Microsoft experts have revealed a significant shift in a spear-phishing campaign launched by Russia-affiliated NOBELIUM APT against major government agencies, think tanks, and NGOs globally. According to researchers, the hacker collective attacked more than 150 organizations across 24 countries with the intent to infect victims with malware and gain covert access to the internal networks. Notably, the same actor is believed to stand behind the epoch-making SolarWinds supply-chain attack that hit the world in December 2020.
According to the inquiry from Microsoft, the phishing campaign started in January 2021 and included a broad range of experiments and trials. Hackers switched between various delivery methods and techniques to achieve the most severe impact.
At early campaign stages, threat actors abused the Google Firebase platform to drop a malicious ISO file and track user profiles that interacted with the phishing messages. Security practitioners believe that it was an initial reconnaissance phase since no malicious payloads were delivered during this period. Further, NOBELIUM hackers have mastered their approach and started to use HTML email attachments to hide the malware within the HTML document. Nevertheless, the volume of malicious emails was considerably low, giving grounds to consider it was the final trial cycle.
In May 2021, security researchers detected a major uptick in nefarious activity. This time NOBELIUM hackers successfully took control over the official USAID account in the Constant Contact mass-emailing platform to disseminate messages posing a higher level of credibility. The emails delivered a malicious link that, if clicked, redirected victims to a bogus HTML file that dropped additional malware aimed at cyber espionage. Particularly, security researchers have tracked four samples (NativeZone, BoomBox, EnvyScout, VaporRage) being delivered in the course of the campaign. The combination of these strains allowed NOBELIUM actors to move laterally across the infected environment, download second-stage payloads, and exfiltrate victims’ information.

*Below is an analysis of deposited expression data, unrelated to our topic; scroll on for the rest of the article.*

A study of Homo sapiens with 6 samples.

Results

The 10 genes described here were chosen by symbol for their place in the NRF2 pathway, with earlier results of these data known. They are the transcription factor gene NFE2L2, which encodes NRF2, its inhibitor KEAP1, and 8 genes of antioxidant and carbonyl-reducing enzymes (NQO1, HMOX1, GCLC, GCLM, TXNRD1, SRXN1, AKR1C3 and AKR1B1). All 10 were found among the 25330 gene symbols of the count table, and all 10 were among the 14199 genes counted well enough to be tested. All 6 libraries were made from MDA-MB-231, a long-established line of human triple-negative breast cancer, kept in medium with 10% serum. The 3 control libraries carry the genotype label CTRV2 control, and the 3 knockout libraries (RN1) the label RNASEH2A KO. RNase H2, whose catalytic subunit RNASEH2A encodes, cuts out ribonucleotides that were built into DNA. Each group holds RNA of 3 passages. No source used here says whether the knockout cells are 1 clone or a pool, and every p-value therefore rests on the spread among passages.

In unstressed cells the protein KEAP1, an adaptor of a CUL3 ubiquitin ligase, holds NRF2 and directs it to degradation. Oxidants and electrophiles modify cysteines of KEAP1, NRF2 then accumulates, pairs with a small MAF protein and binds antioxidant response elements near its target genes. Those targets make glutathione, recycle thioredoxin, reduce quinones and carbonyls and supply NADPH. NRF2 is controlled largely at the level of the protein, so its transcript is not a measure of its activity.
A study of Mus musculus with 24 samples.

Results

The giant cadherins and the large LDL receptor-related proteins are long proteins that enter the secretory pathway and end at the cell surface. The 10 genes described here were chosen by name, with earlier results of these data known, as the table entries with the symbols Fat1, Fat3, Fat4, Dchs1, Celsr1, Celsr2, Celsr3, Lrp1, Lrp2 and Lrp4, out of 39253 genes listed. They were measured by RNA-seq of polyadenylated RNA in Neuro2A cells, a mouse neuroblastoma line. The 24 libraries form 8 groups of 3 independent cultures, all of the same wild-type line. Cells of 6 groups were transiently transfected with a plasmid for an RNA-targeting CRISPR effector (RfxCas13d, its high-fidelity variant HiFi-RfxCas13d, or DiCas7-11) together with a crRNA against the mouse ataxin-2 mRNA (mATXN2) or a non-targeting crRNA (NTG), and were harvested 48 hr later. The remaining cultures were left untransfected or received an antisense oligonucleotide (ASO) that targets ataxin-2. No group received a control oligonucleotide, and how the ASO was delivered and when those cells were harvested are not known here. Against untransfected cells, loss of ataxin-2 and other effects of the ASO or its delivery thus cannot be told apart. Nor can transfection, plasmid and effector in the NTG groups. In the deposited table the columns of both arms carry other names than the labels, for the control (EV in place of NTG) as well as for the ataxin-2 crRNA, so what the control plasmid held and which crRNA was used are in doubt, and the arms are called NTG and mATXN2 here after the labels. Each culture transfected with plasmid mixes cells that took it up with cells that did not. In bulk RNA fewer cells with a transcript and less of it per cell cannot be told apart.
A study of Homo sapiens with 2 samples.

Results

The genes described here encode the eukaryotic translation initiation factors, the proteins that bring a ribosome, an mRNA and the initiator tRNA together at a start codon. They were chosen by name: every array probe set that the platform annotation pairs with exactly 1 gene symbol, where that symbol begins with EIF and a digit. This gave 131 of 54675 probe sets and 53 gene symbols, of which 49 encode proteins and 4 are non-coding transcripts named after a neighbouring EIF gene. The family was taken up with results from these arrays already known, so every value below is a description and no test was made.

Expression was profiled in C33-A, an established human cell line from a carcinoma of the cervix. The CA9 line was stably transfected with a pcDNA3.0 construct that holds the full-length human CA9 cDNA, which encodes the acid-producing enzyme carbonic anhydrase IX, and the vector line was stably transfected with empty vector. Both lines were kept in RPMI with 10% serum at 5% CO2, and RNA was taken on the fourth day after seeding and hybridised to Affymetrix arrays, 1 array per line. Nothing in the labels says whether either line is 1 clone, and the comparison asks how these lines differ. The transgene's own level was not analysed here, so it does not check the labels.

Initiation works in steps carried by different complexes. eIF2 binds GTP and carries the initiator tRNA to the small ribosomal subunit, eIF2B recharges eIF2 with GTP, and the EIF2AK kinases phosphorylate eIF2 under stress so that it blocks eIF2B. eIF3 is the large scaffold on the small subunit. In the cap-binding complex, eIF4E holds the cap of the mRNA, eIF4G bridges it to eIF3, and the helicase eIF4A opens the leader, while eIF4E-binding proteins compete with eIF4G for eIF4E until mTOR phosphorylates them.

More than 3,000 accounts tied to 150 major government assets, consultant groups, and public entities were attacked. The massive amount of phishing emails triggered the detection systems which were able to block most of them. Nevertheless, a portion of earlier messages may have passed the automated detection routine due to improper configuration or before the protections being introduced.
Although some intrusions were blocked automatically, adversaries were able to penetrate dozens of organizations. To protect your company infrastructure and prevent possible infections, you can download a set of Sigma rules released by our keen Threat Bounty developers.
Stay tuned to our blog not to miss further detections tied to this nefarious campaign. All the new rules will be added to this blog post.